Source type: magazine
Document type: editorial column
Document title: “Pen Shots”
Author(s): Austin, Kate
Date of publication: 18 May 1902
Volume number: 9
Issue number: 20
Pagination: 4

 
Citation
Austin, Kate. “Pen Shots.” Free Society 18 May 1902 v9n20: p. 4.
 
Transcription
excerpt
 
Keywords
Leon Czolgosz (posthumous communications); McKinley assassination (personal response).
 
Named persons
Leon Czolgosz; William McKinley; Lois Waisbrooker.
 
Document

 

Pen Shots [excerpt]

     In the People’s Press of Chicago there appeared some time ago a letter from Lois Waisbrooker, informing us that Leon Czolgosz had communicated to her from the spirit world that he had had [sic] been “obsessed by a monster to kill McKinley,” and that he was now “learning the right way to work for humanity.” When we pause and consider the result of Czolgosz’s act, and compare the small red stain at Buffalo with that “long damning line of red” which began under the McKinley administration, and has not yet ceased to flow with its attendant train of evils in the way of official corruption and military brutality, the question naturally rises why the crime that has slain thousands of human beings did not merit some explanation at the hands of spirits? From what I have observed of so-called spirit communications, I am led to the conclusion that the “messages” are highly colored by the receiver’s ideas and prejudices; that they in fact originate with the medium and not the spirit of the departed. I also admit that many mediums honestly deceive themselves in this respect, among whom I certainly include outspoken Lois Waisbrooker. As proof that honest mediums are the victims of mental hallucinations, I will wager that messages from the “Monster Slayer” would be in line with the mental attitude of every medium toward the act at Buffalo, and that the “reason” transmitted from the spirit world would vary accordingly.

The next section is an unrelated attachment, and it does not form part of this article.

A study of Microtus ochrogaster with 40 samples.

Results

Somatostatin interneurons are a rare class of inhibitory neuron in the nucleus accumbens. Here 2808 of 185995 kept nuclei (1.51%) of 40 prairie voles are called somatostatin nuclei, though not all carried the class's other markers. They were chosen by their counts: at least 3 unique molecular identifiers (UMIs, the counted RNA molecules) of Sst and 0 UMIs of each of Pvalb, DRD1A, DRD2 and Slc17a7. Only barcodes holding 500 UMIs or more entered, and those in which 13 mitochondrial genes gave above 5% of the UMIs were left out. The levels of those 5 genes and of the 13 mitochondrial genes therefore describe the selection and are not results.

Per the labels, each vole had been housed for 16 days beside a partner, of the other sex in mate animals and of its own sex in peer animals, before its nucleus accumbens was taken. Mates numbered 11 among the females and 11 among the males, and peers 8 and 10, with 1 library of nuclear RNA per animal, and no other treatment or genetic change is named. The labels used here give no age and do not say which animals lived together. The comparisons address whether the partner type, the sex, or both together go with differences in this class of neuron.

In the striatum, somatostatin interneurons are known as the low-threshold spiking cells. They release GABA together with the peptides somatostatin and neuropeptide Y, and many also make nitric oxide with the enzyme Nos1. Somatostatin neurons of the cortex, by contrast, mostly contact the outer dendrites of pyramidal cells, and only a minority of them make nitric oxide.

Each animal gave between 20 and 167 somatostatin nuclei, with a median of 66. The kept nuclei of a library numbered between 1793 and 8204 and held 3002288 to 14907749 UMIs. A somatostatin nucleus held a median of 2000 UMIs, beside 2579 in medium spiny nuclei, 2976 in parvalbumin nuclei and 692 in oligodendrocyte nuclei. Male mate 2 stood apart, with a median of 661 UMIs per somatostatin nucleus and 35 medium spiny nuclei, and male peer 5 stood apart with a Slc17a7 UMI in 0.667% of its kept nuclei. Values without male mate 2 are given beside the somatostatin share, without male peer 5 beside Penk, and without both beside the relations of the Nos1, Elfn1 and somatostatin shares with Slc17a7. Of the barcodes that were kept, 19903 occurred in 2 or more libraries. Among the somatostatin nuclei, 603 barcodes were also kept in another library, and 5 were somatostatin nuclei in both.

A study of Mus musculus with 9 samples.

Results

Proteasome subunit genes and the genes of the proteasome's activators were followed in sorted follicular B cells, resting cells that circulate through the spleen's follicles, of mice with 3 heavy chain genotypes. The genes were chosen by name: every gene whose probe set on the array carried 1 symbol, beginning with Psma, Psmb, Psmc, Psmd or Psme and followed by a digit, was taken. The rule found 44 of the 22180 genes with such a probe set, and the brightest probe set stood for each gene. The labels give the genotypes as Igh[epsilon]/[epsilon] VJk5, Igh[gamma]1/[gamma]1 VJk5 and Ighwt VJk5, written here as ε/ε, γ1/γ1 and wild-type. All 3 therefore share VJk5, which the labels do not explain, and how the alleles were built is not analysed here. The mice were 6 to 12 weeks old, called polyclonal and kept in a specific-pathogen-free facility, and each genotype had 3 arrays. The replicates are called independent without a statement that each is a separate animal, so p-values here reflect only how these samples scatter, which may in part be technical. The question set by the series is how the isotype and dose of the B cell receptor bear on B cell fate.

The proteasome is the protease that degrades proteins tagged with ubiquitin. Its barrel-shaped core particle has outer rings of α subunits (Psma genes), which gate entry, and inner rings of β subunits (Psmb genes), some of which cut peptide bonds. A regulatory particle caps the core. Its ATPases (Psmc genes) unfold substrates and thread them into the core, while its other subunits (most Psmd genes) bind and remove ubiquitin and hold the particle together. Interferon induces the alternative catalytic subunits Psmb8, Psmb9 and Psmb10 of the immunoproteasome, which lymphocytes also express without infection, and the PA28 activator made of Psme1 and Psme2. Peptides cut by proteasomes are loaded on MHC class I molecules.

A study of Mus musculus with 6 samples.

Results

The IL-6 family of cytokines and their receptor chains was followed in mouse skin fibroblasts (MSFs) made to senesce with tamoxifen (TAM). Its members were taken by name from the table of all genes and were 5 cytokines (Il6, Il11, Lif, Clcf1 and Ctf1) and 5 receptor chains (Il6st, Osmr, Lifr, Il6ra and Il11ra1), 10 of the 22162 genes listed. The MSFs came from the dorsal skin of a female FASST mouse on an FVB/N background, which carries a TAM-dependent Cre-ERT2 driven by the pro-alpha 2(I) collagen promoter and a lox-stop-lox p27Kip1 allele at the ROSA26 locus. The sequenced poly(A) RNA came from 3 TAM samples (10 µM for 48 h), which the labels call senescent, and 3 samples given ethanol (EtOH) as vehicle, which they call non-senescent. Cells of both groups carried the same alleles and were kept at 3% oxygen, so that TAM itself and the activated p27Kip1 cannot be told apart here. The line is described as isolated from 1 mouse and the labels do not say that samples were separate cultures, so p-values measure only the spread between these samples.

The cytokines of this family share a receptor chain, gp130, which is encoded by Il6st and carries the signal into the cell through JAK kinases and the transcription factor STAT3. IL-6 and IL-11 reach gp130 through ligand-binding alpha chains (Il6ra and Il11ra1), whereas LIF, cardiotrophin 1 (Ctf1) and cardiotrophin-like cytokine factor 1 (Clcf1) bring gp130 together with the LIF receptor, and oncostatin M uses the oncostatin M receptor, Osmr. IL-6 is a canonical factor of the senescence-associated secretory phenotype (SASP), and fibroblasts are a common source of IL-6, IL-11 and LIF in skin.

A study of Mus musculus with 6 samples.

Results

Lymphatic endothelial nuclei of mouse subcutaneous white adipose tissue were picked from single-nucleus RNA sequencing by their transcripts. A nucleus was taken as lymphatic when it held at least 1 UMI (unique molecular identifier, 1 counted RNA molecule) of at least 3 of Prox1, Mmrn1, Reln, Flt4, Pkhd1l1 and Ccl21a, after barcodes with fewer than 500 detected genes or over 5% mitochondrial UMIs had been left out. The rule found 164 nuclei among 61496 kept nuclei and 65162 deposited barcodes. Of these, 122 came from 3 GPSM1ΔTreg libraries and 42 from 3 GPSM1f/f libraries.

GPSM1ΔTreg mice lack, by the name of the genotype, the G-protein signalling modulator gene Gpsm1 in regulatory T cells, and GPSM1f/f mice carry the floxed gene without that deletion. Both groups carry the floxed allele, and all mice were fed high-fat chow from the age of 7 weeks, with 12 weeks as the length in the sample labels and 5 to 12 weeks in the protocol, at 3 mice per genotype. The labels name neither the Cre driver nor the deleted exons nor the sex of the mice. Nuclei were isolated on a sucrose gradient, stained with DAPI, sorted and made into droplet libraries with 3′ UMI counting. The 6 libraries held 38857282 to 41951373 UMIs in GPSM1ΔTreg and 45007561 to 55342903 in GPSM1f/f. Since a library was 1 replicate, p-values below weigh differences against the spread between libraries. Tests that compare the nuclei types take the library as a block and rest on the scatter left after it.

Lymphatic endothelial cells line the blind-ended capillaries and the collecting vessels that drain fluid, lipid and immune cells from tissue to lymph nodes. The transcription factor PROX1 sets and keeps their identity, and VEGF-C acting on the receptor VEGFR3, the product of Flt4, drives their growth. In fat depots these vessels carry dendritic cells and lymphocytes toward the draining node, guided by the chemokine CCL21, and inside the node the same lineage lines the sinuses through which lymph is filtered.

I have never taken kindly to the idea that a fellow creature could be possessed of a devil; this idea belongs to a dead past. The nearest approach a man can make to the character of being “obsessed by a monster,” is when armed with authority and at no personal risk to himself he metes out death to his fellow beings.